By Dawn Krebs
ST. LUCIE COUNTY -- On Jan. 8, the College Prep Academy of the Treasure Coast and the Renaissance Charter School teamed up to educate parents on what charter schools are all about and what programs they offer.
This was the first time in the county that area charter schools worked together on this type of program.
Rachel Windler-Freitag, principal of Renaissance Charter School, a K-8 in Port St. Lucie, was thrilled with the turnout.
"What better way to educate the community," she said. "It's all about making the best choice for your child."
Erika Rains, principal of the College Preparatory Academy of the Treasure Coast, a charter school serving students in ninth grade, agreed.
"We would like to make this an annual event," Ms. Raines said. "Scheduling conflicts kept the other schools from participating this time, but we look forward to seeing them next year."
The schools are two of four charter schools currently in St. Lucie County. Although located in the Port St. Lucie area, the charter schools are open to students from all over the county.
The other schools are NAU Charter School, a K-8 school and Palm Pointe Educational Research School, a K-8 school run by Florida Atlantic University and the school district.
The Renaissance Charter School is currently listed as an "A" school in the county, and its education program is accredited through Charter Schools USA. The College Preparatory Academy of the Treasure Coast is in its first year, so its does not have a grade yet, but it uses the Somerset curriculum.
The evening started with performances from both the Renaissance Glee Club and the Spartan Nation Step Team from CPATC.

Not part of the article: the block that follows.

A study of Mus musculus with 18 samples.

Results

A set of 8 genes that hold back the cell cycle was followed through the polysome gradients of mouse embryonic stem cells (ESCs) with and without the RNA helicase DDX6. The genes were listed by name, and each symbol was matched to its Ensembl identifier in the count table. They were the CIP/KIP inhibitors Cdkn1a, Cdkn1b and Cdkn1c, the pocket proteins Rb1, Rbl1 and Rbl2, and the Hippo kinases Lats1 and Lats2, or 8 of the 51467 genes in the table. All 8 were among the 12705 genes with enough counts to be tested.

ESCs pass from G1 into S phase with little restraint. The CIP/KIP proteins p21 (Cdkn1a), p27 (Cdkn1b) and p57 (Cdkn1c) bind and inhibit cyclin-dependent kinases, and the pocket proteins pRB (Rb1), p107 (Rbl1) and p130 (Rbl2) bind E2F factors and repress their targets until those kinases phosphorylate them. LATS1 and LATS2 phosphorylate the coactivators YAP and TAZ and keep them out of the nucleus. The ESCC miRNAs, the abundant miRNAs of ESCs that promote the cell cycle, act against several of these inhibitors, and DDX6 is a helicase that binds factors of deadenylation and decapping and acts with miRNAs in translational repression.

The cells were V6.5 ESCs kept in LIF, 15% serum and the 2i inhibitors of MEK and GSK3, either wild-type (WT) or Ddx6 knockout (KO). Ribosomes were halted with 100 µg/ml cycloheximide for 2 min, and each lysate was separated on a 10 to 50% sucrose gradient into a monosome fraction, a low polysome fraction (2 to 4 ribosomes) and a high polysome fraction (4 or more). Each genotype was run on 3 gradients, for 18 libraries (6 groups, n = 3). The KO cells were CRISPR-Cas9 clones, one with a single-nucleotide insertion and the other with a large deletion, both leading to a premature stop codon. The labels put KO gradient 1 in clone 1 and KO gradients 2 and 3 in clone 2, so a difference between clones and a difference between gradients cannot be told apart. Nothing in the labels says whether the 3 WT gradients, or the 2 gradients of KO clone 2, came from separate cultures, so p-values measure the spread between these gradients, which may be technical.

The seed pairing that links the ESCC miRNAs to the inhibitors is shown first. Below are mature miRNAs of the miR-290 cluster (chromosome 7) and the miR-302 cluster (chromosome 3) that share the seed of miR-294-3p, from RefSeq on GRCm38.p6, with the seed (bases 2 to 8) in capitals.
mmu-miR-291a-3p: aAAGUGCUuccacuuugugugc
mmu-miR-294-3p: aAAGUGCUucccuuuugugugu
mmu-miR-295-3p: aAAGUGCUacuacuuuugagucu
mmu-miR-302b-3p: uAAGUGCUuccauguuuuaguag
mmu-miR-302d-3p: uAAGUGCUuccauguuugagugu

Charter schools are tuition-free, not-for-profit public schools. The schools receive funding from the Florida Education Finance Program to operate, but they don't receive any compensation from local taxes.
As a result, charter schools operate on approximately 80 percent of a regular public school's budget. To make up the difference, charter schools rely on funding from grants and donations.
"We have to adhere to the state mandates, so we rely on parent and business support," said Ms. Raines. "I have the most awesome parents ever. They have been such big helps this year. They are amazing."
Another thing that differentiates charter schools from traditional public schools is the way the curriculum is taught.
"While we are required to meet state standards, we have the ability to vary the curriculum to individual students' needs," said Ms. Windler-Freitag. "This allows students to learn at their own speed."
The charter schools also offer a variety of extracurricular activities and afterschool programs similar to those of public schools.
Tables were set up in the back of the room for parents to pick up more information and ask questions.
"These look like good options for my family," said Melissa Glassier, who attended the event with her two children.
"My friend had her children in a charter school here and suggested I come tonight to hear more about it."
But while the charter schools offer similar educational opportunities as traditional public schools, the deadlines to apply are different. Those interested in applying to a charter have until Feb. 1 to turn in an application.
College Preparatory Academy of the Treasure Coast is located at 501 N.W. University Place in Port St. Lucie. For more information, call (772) 343-7028 or go online to www.cpatc.org.
Renaissance Charter School is located at 300 N.W. Cashmere Blvd. in Port St. Lucie. For more information, call (772) 344-5982 or go online to www.stluciecharter.org.